While one half of the city, Pest, is flat, Buda’s curvy hills are rich with secret labyrinths, hidden bunkers and caving adventures.
There are up to 200 caves in total.
Budapest’s subterranean world owes its debt to the city’s spas, or rather their water, which has carved out a network of caverns.
Here are some of the highlights.
- Hills under the Hungarian capital are riddled with caves, many formed by water from the city’s spas
- Many of the caves are open to the public, with guided tours and spelunking expeditions
- Subterranean attractions include a former hospital, a Cold War bunker and a church
Dracula’s prison and the Labyrinth
The Labyrinth is part of the natural cave system under Castle Hill.
It’s shown signs of being inhabited as far back as prehistoric times, with people living there as late as the 11th and 12th centuries.
Caves here have since functioned as wine cellars and masonry mines, but come wrapped in curious myths.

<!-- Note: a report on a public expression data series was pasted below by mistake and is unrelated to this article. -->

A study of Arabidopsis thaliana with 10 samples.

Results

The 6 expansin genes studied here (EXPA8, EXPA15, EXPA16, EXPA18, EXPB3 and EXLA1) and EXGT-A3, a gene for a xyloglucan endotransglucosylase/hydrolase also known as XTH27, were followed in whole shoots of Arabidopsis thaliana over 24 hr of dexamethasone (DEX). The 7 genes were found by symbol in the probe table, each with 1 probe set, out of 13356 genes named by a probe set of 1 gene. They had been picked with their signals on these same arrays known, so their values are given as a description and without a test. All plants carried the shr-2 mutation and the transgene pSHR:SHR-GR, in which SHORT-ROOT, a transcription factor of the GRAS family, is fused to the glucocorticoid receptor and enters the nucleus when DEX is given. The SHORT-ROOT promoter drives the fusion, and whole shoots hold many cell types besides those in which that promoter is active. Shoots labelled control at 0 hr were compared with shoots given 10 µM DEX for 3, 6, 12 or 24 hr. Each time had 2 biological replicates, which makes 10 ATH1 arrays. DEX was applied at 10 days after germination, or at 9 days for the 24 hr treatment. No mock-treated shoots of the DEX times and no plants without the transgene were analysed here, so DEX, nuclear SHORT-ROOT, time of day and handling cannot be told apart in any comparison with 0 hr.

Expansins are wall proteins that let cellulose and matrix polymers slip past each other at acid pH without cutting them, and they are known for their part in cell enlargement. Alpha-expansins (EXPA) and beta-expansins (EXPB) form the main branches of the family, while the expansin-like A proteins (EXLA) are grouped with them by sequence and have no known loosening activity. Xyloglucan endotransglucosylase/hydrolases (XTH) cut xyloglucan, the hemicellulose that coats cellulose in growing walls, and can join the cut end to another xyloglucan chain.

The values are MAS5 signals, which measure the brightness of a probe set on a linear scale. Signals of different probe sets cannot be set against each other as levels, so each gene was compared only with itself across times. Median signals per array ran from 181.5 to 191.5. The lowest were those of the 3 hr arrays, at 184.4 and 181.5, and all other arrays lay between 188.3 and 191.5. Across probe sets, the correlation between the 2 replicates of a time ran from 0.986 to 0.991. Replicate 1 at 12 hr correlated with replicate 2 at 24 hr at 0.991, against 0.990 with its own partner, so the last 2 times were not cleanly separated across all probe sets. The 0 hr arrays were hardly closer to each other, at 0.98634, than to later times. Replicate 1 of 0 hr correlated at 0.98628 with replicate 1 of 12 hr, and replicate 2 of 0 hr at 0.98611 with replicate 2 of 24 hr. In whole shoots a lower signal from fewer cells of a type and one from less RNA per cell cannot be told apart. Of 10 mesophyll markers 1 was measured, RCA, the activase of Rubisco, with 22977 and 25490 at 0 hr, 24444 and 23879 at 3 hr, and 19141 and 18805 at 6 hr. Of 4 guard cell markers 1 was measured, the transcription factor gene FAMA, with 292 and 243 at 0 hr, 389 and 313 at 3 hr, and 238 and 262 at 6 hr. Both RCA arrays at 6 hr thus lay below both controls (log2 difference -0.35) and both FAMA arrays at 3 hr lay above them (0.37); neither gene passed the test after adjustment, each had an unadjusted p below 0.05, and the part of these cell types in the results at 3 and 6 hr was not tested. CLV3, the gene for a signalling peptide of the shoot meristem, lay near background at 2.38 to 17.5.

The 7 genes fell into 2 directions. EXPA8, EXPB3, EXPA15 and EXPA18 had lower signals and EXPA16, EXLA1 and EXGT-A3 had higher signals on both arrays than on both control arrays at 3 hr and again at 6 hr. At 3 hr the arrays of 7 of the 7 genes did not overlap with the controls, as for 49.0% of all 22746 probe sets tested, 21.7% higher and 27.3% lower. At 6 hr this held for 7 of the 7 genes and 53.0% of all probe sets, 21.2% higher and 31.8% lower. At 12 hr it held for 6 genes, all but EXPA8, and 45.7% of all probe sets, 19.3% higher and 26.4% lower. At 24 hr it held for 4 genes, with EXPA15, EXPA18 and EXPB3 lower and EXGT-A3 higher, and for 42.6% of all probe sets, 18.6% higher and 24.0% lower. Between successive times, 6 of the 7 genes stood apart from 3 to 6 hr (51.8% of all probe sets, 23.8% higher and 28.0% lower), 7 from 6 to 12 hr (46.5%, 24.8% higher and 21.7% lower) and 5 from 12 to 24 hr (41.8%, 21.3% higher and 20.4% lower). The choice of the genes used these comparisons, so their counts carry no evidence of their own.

The Turks used them for military purposes in the 16th century, but archeological evidence also hints at an underground harem.
One of the Labyrinth’s headline attractions is Vlad Tepes, known better as Vlad the Impaler, or Dracula, who spent a spell down here as a prisoner.
The Cave Church of Gellert Hill
Gellert Hill is a landmark in Budapest.
Rising above the Danube, it overlooks the whole city and guards its own cave network.
Unlike the caves beneath the city’s other hills, most of these are closed off.
The main cave open to the public, St. Ivan’s, houses a small church with an entrance facing one of Budapest’s most famous spas, the Gellert Baths.
Use of the cave as a church is fairly new.
Pauline Monks occupied it in the 1920s but it was sealed up for decades after the Soviet Red Army captured Budapest in 1945.